Key Neutron and X-ray Characterization Techniques
For amorphous materials such as alternative cements and amorphous carbonate phases, conventional powder diffraction techniques yield limited information regarding their atomic bonding arrangements. Total scattering (which contains both Bragg [crystalline information] + diffuse [disorder information] scattering) is an experimental technique that is ideal for studying the atomic structure of disordered and amorphous materials. The requirements for a wide Q-range (scattering angle) and low and stable background have historically led to these experiments being conducted at spallation neutron sources and synchrotron facilities. However, due to recent developments in technology this type of analysis can now be performed on specialized laboratory X-ray diffraction instruments (typically with Mo or Ag radiation).
Small-angle X-ray and/or neutron scattering provides information on the nanoscale morphology of materials and changes occurring over time. Applications for cements include in-situ measurements of the morphology changes occurring during formation and accurate density measurements. Neutron small-angle scattering enables contrast-matching (using hydrogen/deuterium) to pin-point information from solid, voids and surfaces within the material. More information can be found here.
Inelastic Neutron Scattering
Discovering the role of water in cement systems and during CO2 storage is of importance for these technologies. Inelastic neutron scattering analysis is a key tool that can shed light on this area of research due to the large incoherent neutron scattering cross-section of hydrogen. By analyzing the vibrations of hydrogen in the materials, the location and bonding of H-atoms can be elucidated. Once the role of water is discovered for these systems, the materials can be optimized to obtain superior properties and performance characteristics. Read more about inelastic neutron scattering here at the ISIS webpage.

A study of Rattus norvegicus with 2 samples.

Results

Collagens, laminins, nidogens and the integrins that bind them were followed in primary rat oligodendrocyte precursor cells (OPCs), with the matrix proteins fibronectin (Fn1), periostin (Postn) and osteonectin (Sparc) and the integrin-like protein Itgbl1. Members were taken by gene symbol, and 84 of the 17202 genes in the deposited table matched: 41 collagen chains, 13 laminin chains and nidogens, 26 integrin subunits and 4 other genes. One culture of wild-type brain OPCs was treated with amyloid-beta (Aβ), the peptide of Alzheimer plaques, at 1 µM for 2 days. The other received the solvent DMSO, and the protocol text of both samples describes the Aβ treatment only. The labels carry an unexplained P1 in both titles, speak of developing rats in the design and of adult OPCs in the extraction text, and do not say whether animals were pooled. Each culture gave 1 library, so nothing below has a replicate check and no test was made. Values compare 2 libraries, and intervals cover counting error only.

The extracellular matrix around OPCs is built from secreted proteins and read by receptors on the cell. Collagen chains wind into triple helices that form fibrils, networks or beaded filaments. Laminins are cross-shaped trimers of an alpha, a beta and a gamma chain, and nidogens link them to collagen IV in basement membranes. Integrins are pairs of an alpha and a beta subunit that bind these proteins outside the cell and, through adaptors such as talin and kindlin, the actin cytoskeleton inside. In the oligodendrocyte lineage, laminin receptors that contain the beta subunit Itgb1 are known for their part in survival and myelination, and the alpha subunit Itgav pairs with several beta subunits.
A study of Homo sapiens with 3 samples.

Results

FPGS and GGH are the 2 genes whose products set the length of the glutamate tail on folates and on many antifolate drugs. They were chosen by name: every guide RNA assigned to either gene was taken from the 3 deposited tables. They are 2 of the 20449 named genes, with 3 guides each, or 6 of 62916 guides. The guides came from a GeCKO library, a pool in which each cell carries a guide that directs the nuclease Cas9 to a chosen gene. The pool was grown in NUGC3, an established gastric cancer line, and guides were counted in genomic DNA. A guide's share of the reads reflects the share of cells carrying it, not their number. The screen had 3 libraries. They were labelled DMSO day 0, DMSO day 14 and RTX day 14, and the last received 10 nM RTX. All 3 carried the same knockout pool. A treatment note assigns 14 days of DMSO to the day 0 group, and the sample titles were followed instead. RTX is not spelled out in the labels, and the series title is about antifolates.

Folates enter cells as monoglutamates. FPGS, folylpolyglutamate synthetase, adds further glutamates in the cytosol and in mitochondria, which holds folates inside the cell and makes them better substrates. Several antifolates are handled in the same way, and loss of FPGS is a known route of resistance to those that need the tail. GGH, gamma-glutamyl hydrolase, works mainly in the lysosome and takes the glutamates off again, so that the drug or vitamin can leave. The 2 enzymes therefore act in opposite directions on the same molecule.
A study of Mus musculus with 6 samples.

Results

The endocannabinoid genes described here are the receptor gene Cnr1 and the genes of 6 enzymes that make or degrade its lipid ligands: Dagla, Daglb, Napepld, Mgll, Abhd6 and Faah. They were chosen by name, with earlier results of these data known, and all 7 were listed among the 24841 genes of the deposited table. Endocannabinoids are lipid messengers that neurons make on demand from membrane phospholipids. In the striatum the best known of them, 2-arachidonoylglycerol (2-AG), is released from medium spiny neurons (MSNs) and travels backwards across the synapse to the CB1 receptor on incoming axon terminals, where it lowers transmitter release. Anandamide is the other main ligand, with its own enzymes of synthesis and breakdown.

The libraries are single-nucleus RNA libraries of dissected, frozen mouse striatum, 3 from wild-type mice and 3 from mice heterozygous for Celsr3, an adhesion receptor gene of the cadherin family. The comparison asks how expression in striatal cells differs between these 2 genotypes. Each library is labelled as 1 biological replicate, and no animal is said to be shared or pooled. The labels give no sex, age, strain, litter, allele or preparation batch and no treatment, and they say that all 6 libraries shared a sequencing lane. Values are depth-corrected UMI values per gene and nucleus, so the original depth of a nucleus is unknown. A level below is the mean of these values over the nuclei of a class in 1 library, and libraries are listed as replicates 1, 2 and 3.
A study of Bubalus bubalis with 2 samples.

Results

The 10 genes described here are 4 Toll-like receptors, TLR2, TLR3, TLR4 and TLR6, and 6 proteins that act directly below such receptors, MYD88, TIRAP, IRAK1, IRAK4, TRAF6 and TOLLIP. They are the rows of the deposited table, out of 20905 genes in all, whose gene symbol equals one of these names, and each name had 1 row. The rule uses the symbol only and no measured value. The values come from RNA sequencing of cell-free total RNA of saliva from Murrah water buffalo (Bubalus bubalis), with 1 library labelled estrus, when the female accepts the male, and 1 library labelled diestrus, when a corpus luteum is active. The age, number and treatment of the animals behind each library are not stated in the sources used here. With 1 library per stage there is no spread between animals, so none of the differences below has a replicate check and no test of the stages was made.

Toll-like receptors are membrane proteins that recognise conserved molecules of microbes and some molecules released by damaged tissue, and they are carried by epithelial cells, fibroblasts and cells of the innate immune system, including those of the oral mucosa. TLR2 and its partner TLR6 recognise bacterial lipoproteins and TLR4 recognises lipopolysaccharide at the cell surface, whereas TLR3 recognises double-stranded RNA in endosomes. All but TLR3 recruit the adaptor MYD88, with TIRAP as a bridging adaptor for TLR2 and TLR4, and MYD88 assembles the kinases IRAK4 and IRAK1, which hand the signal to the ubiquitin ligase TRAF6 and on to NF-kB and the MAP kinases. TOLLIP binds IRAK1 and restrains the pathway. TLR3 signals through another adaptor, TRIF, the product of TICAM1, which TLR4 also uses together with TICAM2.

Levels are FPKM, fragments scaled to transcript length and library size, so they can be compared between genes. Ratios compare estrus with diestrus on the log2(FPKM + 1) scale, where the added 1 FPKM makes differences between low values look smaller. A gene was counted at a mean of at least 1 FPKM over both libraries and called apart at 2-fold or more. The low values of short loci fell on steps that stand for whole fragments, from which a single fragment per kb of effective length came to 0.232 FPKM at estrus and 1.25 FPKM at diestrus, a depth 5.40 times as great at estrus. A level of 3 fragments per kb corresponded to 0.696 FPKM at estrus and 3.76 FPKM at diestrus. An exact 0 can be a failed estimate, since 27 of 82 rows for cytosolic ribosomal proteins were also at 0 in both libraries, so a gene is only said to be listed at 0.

Micro- and Nano-Tomography
X-ray micro- and nano-tomography are two techniques used to probe the micro- and nano-scale morphology of materials. Micro-tomography is used as a non-destructive technique to analyze the pore structure of alkali-activated cements, extracting out key parameters including porosity and tortuosity. Nano-tomography is used to study the binder phase of the cement gels at the nanoscale. When combined with fluorescence, nano-tomography can resolve the spatial distribution of elements in the cement binders and other materials. The wikipedia page for micro-tomography can be found here. X-ray nano-tomography is available at the nanoprobe beam line at the Advanced Photon Source and other synchrotron facilities around the world.
Some Laboratory Experimental Tools
X-ray Powder Diffraction
Identification and quantification of crystalline phases present in composite materials can be carried out using laboratory-based X-ray powder diffraction. This standard form of analysis is a component of research for alkali-activated materials and associated systems.
SCG has two beam-bending instruments capable to measuring the permeability and creep of porous viscoelastic materials. This technique was recently applied to alkali-activated slag pastes for the first time.
One experimental tool capable of quantifying the amount and type of water in a sample (i.e, bound vs. free water) is thermogravimetric analysis (TGA). This is achieved by measuring the weight loss of a sample as a function of temperature. Among other things, TGA is also used to measure weight changes associated with decomposition or oxidation of a material. Complementary thermal analysis instruments include thermal mechanical analysis (TMA), which measures changes in dimensions and/or mechanical properties as a function of temperature, and differential scanning calorimetry (DSC), which measures heat gain/loss of a sample (endothermic vs. exothermic) as a function of temperature.
Without the compressive strength characteristics of concrete, this material would not be used as extensively throughout the world as it is today. However, understanding which mix designs provide superior compressive strength and associated mechanical properties is a necessary component of cement materials research. Other testing methods that are necessary include creep and fatigue.